Commission report on AI includes broader tech policy recommendations

Last week the National Security Commission on Artificial Intelligence issued its Final Report. Established by Section 1051 of the John S. McCain National Defense Authorization Act for Fiscal Year 2019 to take a very broad look at Artificial Intelligence (AI).

There are lots and lots and lots of AI-specific information, findings, and recommendations (including 60+ specific funding recommendations). While the vast majority of the report focuses on AI (as it should), the 756-page report includes a number of important broader technology policy recommendations that could easily be overlooked. These provisions are important for the development of AI, but affect technologies in general.

One of the biggest items is the report’s call for the creation of a National Technology Foundation (NTF) with budget starting at $1 billion for FY2022 and ramping up to $20 billion by FY 2026 (for a total five-year budget of $51 billion). In contrast, the FY2021 budget for NSF was almost $8.5 billion. Unlike other proposals, the National Technology Foundation would be separate but parallel to NSF. The NTF would focus on technology development and commercialization in a number of key technologies, including AI, biotechnology, quantum computing, semiconductors and advanced hardware, robotics and automated systems, 5G telecommunications, additive manufacturing (aka 3D printing), and energy storage technology.

In a similar vein, the report notes that there is no agreement as to which technologies are considered critical, and therefore no way to prioritize governmental strategy and actions. The report calls for “a single, authoritative list of technologies and sectors which are key to overall U.S. competitiveness, along with detailed implementation plans for each to ensure long-term U.S. leadership.”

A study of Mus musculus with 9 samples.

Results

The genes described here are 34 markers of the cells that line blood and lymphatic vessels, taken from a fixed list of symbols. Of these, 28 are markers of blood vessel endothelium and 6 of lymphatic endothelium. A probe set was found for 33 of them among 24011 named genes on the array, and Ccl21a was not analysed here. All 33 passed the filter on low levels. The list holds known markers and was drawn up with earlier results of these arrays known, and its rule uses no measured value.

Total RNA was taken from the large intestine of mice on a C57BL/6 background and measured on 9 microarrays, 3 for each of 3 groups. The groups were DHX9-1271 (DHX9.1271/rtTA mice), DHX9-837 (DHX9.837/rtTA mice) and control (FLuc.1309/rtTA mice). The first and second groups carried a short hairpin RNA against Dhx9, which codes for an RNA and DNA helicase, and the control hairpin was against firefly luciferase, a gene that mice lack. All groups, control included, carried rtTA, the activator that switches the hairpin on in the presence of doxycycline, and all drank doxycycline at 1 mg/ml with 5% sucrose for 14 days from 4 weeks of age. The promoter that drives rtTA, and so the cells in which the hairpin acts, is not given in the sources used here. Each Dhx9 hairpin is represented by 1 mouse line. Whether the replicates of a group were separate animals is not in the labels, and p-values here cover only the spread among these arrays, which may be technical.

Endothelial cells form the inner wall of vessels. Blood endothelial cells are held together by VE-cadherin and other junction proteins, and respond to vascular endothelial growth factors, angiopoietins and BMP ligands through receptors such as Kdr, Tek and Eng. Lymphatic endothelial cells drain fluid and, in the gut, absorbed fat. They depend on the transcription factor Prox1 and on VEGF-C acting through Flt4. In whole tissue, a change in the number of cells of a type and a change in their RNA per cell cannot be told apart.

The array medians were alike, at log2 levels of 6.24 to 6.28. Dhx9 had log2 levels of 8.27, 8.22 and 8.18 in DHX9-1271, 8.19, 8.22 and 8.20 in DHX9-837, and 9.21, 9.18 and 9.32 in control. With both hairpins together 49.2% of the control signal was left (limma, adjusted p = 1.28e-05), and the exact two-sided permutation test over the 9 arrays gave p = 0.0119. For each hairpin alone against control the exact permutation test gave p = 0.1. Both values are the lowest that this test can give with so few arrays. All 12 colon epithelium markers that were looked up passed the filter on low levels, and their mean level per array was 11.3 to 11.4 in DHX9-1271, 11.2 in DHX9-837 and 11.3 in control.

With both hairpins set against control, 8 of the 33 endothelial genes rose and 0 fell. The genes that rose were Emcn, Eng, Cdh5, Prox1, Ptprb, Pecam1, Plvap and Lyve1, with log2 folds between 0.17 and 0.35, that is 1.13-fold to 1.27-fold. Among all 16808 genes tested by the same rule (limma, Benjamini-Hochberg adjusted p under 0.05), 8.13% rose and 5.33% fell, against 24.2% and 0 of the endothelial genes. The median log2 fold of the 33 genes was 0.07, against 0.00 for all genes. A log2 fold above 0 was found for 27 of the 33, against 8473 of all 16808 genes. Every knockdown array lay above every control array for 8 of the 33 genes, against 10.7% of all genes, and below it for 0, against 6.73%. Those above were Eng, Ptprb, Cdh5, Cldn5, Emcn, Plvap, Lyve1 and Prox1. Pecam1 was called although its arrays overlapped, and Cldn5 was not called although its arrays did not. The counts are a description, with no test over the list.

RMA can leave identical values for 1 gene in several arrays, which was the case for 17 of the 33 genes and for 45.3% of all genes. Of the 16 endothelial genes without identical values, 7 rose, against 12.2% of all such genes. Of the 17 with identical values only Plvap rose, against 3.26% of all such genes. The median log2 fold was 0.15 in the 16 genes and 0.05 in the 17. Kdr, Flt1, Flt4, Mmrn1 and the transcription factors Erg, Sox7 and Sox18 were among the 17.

The report recommends creation of a National Network for Regional Innovation in Emerging Technologies, with a budget of $200 million for FY2022 – FY2026. This network would coordinate and fund the creation of Technology Research Centers in each designated Regional Innovation Cluster to facilitate industry-academia-government collaboration on critical technologies.

The report also recommends modernizing export controls, reforming investment screening (through CFIUS), amending the Foreign Agents Registration Act to better protect critical technologies, and expanding STEM-oriented immigration. In addition, they recommend the creation of a University Affiliated Research Center focused on research integrity and research security.

To promote greater international cooperation, the report recommends the creation of an Under Secretary for Science, Research and Technology and the creation of an Emerging Technology Fund at the State Department to support “digital foreign assistance, digital development projects, emerging technology programs, and other related initiatives of the Department of State and the United States Agency for International Development.”

Finally, the report recommends expanding the loan authority of the U.S. International Development Finance Corporation (DFC) to include funding of domestic industrial base capabilities supporting critical technologies. Specifically, the recommendation is to delegate authority under Title III of the Defense Production Act to the DFC.

As I said, there is a lot in this report. Even if the report had limited itself to just AI-specific recommendations, this would be a pathbreaking set of recommendations. Importantly the commission recognized that our AI strategy must exist in the context of a larger technology strategy. Adding these broader technology policy recommendations strengthens the overall impact on AI development. In doing so it goes above and beyond in setting the direction for technology policy for years to come.

The report lays out an ambitious agenda for policymakers. I hope that they will embrace the broader recommendations and not just cherry-pick some of the AI specific ones. Embedded in this report is an important set of ideas that offer the opportunity to dramatically move technology policy in the right direction. Policymakers need to seize this opportunity.